Lady Iris Mountbatten, 1947.
Photograph (c) FPG/Archive Photos/Getty Images.

In the summer of 1949, twenty-nine year-old Lady Iris Mountbatten gave an interview to The American Way Weekly. She discussed her hopes and dreams surrounding her decision to relocate to North America. A great-granddaughter of Queen Victoria, Lady Iris Mountbatten was the only child of Lord and Lady Carisbrooke.

“I like it here. I feel that I can make something of myself. It is a challenge, I’ll admit, but there is opportunity here. I have discussed it with my parents. They say that if it is what I want, and if it will make me happy, then I am free to do it,” she commented. 

Lady Iris felt that since writing was her cup of tea, then she very much would like to become a radio or television script-writer: “If necessary, I would work under a nom de plume.” Iris noted that she was not averse to discontinuing using her courtesy title, as she thought it was sometimes an impediment. “Sometimes it can be a handicap. No one would have paid any attention to me when I first arrived in America if I weren’t ‘Lady Iris Mountbatten.’” Iris commented that she found no particular reason to think she was better than any other person simply on account of the family into which she was born. “It was purely accidental. None of us can control our birthrights. I can take no credit for it. I’m interested only in accomplishing something on my own merits – as an individual – and not as a member of the nobility.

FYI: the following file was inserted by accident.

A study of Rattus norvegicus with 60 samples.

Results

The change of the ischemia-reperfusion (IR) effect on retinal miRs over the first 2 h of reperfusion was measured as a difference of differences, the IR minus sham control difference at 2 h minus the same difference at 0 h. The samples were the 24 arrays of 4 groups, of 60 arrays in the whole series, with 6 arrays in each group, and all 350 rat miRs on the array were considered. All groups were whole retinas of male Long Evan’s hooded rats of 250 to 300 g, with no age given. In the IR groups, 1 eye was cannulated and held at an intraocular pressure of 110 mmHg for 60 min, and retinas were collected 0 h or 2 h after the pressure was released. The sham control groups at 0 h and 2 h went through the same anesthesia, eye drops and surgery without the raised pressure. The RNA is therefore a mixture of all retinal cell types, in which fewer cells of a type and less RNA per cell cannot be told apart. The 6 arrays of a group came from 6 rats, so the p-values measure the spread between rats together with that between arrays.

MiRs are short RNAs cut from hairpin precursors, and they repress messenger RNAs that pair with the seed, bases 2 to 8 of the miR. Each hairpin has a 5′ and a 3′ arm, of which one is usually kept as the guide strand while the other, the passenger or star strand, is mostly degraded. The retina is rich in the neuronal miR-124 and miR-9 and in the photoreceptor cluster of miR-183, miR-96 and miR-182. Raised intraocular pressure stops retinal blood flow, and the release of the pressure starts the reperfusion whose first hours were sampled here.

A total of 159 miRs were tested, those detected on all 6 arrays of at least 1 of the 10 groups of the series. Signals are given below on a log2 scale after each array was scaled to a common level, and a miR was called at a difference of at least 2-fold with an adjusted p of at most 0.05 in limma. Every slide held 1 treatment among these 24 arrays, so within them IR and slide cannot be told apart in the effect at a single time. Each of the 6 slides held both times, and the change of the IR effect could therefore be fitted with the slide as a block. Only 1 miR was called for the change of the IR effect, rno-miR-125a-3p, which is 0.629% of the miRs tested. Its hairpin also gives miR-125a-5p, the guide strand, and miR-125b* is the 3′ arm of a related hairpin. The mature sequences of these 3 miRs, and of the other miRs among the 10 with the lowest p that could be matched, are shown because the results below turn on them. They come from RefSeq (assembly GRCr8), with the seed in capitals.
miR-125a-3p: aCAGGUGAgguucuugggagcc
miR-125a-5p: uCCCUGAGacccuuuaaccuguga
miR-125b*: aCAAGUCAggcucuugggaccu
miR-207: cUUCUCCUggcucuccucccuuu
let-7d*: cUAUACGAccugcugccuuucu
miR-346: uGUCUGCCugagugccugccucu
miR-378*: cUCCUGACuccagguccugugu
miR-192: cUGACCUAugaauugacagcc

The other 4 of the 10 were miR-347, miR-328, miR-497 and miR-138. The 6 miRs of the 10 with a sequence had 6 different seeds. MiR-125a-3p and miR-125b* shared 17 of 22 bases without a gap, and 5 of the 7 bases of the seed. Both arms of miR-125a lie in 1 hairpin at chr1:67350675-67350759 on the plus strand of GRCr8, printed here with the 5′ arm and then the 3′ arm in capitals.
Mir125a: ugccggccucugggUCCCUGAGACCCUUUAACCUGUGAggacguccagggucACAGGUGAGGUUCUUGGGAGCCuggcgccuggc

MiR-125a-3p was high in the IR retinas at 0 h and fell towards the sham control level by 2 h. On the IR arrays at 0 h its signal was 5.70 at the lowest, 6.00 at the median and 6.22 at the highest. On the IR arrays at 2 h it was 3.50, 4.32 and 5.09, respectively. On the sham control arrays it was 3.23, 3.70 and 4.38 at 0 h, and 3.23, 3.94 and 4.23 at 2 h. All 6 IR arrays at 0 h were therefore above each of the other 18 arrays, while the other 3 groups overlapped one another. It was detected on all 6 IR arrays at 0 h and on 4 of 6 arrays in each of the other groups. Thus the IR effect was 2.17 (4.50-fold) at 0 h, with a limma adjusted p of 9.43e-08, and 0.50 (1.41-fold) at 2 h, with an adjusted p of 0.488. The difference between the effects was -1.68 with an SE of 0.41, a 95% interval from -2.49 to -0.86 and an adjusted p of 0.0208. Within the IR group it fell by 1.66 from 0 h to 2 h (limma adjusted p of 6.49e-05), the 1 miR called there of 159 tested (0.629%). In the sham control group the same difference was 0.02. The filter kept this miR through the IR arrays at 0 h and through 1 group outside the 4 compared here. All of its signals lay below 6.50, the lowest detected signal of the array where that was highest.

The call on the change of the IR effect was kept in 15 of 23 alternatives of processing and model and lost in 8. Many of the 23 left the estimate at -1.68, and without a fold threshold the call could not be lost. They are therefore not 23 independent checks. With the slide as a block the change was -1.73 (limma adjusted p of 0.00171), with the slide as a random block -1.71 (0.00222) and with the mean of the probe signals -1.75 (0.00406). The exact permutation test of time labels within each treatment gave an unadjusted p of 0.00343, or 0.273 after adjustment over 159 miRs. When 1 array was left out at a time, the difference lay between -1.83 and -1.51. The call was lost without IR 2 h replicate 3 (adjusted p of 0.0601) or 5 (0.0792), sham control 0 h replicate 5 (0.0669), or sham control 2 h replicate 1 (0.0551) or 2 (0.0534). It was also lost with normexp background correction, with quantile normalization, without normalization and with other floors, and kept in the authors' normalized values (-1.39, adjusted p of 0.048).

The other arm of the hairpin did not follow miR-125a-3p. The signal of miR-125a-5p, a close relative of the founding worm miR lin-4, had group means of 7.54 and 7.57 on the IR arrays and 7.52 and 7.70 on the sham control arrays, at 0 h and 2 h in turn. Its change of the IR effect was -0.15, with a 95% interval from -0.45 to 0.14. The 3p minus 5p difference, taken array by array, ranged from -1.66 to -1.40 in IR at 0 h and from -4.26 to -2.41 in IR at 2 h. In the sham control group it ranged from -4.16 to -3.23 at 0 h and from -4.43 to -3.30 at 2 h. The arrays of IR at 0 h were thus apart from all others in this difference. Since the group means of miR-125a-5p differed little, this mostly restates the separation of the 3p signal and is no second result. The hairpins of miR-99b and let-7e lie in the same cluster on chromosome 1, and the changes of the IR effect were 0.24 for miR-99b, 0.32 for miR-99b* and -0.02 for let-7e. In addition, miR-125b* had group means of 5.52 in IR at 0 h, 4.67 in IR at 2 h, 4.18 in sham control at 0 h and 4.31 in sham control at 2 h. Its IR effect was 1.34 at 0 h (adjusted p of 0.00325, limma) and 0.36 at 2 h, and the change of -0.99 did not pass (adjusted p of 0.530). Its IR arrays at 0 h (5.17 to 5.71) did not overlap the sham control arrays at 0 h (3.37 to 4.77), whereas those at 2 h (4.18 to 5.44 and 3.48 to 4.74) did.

Lady Iris recalled her experience of court life as an relative of the British royal family. “In my younger days, when I attended court functions, I was so scared of making a breach of etiquette [that] I could never relax for a second. I felt as taught as a violin string. Sometimes I used to wish I was one of the footmen standing at the door so I could just stand and stare at all the magnificence.”